Every time I find myself in one of America’s small cities — mighty Providence, Rhode Island is featured here — it comes as a shocking reminder of how puny the buildings are in Washington, DC. It’s easy for a New Yorker to sometimes just decide “New York = big buildings, but DC is smaller so the buildings are smaller.” Metro DC is smaller than metro New York, but it’s much bigger than Providence. And yet even Providence supports some modest skyscrapers. DC, of course, could support skyscrapers. They’re just illegal. And a lot of people like it that way. But like Ryan Avent I suspect that the people who like it the way it is haven’t really thought through the costs:
But look, we could take these views or the city’s uniqueness and place some value on it. We could then compare those benefits to the costs. High rents and property prices, for instance, are a cost. Office sprawl is a cost–neighborhoods that should rightly be mixed-use (including downtown) are pushed by cost pressures until they become overwhelmingly office-oriented. This has impacts on neighborhood quality, on business diversity, on commuting, on tax revenues, and so on.
And there are also the benefits we forego thanks to the restriction. It means foregone jobs and tax revenues. It means reduced density, which means reduced productivity. It means less economic activity in a space that’s walkable and well-served by transit, which means more economic activity in places dependent upon cars.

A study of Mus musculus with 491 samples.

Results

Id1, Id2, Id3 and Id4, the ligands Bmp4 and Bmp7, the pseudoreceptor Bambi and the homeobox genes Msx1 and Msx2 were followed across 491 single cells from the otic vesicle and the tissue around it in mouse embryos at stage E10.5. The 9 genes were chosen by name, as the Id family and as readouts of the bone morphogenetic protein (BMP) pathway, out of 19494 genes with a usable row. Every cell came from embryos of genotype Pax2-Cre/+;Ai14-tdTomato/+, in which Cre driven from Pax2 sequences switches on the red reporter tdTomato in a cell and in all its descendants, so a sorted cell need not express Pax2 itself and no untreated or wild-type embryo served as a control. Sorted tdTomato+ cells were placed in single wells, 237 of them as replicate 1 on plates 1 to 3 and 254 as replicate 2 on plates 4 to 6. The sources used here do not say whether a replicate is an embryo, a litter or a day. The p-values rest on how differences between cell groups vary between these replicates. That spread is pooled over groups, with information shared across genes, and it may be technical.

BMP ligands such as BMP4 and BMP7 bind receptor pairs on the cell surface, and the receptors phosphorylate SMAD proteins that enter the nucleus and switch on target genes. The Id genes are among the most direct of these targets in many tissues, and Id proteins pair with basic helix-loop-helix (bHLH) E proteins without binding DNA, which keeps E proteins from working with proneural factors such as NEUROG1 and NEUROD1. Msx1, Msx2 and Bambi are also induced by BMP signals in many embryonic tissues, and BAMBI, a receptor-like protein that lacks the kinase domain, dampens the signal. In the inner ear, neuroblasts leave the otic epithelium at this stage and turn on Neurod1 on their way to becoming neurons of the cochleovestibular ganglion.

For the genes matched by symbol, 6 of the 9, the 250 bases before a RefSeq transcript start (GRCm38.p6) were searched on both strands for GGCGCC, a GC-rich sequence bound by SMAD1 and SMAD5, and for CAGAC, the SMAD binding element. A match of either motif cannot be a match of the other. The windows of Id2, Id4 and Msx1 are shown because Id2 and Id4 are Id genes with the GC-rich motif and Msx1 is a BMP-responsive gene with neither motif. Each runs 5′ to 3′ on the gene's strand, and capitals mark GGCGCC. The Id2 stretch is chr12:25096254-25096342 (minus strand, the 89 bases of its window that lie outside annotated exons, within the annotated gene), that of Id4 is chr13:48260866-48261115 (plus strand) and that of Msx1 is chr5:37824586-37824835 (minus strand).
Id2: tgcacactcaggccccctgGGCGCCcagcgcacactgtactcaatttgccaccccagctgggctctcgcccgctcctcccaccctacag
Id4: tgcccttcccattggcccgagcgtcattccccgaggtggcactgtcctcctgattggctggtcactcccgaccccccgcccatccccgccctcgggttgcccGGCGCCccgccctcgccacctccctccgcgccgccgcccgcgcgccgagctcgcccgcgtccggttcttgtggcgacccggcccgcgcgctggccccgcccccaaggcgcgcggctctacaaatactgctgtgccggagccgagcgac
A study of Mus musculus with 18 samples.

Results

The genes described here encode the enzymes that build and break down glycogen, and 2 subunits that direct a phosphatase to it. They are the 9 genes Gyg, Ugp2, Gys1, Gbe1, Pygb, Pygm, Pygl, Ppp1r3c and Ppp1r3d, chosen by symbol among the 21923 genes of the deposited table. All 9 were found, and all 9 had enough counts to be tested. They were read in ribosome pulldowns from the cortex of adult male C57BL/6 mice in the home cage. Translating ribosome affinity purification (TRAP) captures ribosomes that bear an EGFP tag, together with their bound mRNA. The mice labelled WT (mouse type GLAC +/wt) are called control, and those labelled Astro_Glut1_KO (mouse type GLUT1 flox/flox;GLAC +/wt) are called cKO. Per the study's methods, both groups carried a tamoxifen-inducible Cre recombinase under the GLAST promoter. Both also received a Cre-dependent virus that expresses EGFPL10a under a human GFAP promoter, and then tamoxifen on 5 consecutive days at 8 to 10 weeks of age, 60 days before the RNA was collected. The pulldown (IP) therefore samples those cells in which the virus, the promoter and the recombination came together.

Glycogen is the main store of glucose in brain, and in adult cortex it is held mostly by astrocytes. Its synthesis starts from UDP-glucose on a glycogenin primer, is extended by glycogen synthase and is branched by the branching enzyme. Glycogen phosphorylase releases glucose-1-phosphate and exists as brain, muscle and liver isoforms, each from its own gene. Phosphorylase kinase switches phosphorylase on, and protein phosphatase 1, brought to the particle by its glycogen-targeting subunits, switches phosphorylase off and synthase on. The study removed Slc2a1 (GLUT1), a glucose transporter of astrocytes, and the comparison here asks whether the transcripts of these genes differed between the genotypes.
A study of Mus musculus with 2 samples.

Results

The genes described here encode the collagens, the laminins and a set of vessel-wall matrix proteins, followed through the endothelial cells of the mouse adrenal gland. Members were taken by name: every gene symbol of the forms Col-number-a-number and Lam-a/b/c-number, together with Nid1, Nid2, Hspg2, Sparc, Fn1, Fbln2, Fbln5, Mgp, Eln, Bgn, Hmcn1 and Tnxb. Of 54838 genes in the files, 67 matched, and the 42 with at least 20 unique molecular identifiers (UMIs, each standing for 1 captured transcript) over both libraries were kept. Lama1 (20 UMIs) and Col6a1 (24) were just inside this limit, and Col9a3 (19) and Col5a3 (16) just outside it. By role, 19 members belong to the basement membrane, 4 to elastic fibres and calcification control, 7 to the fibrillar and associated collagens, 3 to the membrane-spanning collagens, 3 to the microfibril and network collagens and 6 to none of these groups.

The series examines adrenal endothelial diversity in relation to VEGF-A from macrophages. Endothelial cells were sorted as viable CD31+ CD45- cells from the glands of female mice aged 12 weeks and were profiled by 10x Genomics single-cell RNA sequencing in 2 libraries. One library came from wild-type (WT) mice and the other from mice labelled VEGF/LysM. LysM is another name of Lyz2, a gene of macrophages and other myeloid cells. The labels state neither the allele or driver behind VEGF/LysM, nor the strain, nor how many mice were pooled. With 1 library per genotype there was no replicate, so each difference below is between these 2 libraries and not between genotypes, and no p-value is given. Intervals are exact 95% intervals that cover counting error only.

In a nutshell, people look at the height limit and think that it’s free to protect views and maintain our identity, so why not do it? But it isn’t free! It costs all of us quite a bit to keep heights low. It means increased housing costs, increased tax burdens, and reduced wages. The limit also imposes big costs on other people who would like to work or live in the District but who can’t, because the limit on heights has artifically restricted the size of the market.
If you look at the commercial rents currently prevailing in the city, and then you look at the ability of dramatically smaller metro areas to support denser office cores, you can see that we’re leaving an enormous amount on the table. The higher tax revenues that would be associated with taller office buildings could allow vast improvements in the quality of city services. Every time you walk through one of DC’s residential neighborhoods and see the hopeless state of disrepair of the sidewalks, or wonder why the city can’t seem to put more cops on the beat, you’re looking at the cost of the height restrictions. And a more densely built office district would support a greater variety of retail establishments in the ground floor with more — and more interesting — choices.
But of course part of the problem here, as with many of these land use issues, is that a great many of the beneficiaries are people who don’t get a say in the matter. The negative externalities associated with the policy mostly burden people who don’t live or work in the district. The increased carbon emissions associated with the sprawl are a bigger problem for people in Bangladesh or even Manhattan than for people in DC. And the real victims of the high prices associated with building restrictions are the people who would choose to live or work in a more affordable version of DC, but are instead elsewhere because incumbent actors in the central city have chosen to pull up the ladder.